In the U.S., the leading cause of death for children ages 3-14 is motor vehicle crashes. The right car seat, used in the right way, greatly increases your child’s chance of surviving a car crash, but frighteningly, almost half of all car seats are installed incorrectly.
Some car seats are held down using the seat belts, while some are held in place by a LATCH. LATCH stands for Lower Anchors and Tethers for Children. As long as they are used correctly, both LATCH systems and locked seat belts are equally safe, so use whichever one works best for your particular combination of seat and vehicle.
In general, the back seat is the safest place to ride for children younger than 13, and the safest section of the back seat is in the middle. Most crashes are front impact, and the back seat keeps children away from both the impact zone and from airbags that are designed to protect adults. However, if you get a better installation in the sides of the back seat, choose that. It’s more important that the car seat is installed correctly than it is to be in the middle of the back seat.
Winter car seat tips
Cold weather makes getting everyone situated in their car seats extra challenging. Here are tips for when the temperature drops:
1. Don’t buckle over bulky winter clothing. In a crash, puffy coats and snowsuits immediately flatten out from the force of the impact, leaving the straps too loose. Instead, dress your child in thinner, more fitted, layers, and then cover them with a blanket or jacket over the harness.
2. Make sure the harness is snug. If you can pinch the strap, then it needs to be tightened.
3. If possible, store car seats in the house. This keeps them warmer, and they won’t zap body heat when kids get buckled in.
After a crash
Car seats don’t automatically have to be replaced after a minor crash. A crash is a minor one if ALL the following apply:
• The vehicle was able to be driven away from the crash site.
• The vehicle door nearest the car seat was not damaged.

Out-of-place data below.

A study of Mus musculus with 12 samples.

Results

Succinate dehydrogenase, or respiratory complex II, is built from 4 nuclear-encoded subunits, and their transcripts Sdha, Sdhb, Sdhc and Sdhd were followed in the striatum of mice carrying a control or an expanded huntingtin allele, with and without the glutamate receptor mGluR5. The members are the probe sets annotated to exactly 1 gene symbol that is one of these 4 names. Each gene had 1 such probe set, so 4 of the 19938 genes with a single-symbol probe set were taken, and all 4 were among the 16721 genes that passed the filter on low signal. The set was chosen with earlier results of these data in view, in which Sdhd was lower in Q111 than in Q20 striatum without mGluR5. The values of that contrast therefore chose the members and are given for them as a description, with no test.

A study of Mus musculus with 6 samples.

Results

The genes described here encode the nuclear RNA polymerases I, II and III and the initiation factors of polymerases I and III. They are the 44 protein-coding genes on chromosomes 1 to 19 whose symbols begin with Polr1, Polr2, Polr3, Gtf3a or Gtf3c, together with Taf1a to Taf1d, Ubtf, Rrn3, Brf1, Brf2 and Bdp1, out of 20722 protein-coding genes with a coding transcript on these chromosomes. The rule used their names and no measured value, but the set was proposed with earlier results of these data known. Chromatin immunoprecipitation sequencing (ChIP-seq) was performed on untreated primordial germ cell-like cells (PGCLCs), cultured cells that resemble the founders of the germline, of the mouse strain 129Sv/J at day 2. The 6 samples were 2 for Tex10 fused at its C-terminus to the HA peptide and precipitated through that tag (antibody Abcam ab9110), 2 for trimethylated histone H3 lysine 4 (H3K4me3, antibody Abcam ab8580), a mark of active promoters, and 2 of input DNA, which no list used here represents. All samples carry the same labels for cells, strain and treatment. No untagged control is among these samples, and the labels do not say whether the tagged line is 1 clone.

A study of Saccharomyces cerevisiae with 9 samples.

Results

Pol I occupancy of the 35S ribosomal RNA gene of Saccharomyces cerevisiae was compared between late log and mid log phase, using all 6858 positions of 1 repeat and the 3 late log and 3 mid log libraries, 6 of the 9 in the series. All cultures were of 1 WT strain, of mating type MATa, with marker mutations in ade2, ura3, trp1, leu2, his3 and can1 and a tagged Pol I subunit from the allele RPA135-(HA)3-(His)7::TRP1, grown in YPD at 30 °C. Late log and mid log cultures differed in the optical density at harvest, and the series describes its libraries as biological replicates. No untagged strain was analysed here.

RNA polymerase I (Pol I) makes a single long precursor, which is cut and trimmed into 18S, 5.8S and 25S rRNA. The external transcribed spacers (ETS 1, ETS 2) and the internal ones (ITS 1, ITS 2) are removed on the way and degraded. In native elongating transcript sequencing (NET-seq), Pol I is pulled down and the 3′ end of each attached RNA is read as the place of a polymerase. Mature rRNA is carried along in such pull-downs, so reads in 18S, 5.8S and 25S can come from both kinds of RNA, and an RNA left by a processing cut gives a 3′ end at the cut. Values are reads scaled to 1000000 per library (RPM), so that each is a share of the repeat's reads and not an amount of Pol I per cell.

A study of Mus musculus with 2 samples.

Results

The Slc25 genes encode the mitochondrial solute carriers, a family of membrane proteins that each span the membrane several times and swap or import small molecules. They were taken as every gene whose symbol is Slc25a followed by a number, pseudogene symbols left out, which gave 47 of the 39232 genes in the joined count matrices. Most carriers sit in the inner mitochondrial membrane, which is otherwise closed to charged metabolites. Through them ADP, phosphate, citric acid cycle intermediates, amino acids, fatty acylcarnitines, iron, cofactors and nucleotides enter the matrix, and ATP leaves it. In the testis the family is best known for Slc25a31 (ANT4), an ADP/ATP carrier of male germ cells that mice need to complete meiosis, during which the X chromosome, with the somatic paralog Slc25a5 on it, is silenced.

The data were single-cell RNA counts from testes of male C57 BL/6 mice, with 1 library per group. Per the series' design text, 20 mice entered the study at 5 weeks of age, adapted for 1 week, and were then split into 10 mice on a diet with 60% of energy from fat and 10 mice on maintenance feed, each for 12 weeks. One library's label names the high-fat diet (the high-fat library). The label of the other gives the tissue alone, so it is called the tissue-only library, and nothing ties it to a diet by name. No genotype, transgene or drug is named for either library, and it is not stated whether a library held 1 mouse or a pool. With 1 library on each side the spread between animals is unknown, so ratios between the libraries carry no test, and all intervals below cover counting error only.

• None of the passengers in the vehicle sustained any injuries in the crash.
• If the vehicle has airbags, the airbags did not deploy during the crash; and
• There is no visible damage to the car seat.
• If it’s been in a moderate to severe crash, it’s time for a new seat, even if it appears to be fine.
What to know before you buy a car seat
1. Know your child: Keep track of their height and weight. This information, along with their age, influences when it’s time to go up to the next size car seat. This is also impacted by behavioral and/or health issues.
2. Know your store: Some will let you “try before you buy.” This is important, because not every car seat is a good match for all cars. Cushion angle or seat belt placement can make some seats incompatible. Always make sure the store will accept returns, in case the fit is wrong.
3. Know your car: In your car’s owner’s manual, find the section on child safety seats. Read it to familiarize yourself with its specific information on seat belts, LATCH, and seats.
Remember—car seats expire! They have tough lives: they’re made from plastics that degrade when exposed to extremes in temperature and sunshine. They get stuff spilled on them. They get banged around. Some seats will have an expiration date printed on them, but sometimes you’ll have to check the car seat manual and then do the math for yourself. Visit consumerreports.org to walk through an interactive decision tree that will help you determine if you can reuse a car seat or not.
This is a condensed version of Sawtooth Mountain Clinic’s “Topic of the Month” newsletter. To read and access source links, listen, or subscribe, visit: sawtoothmountainclinic.org.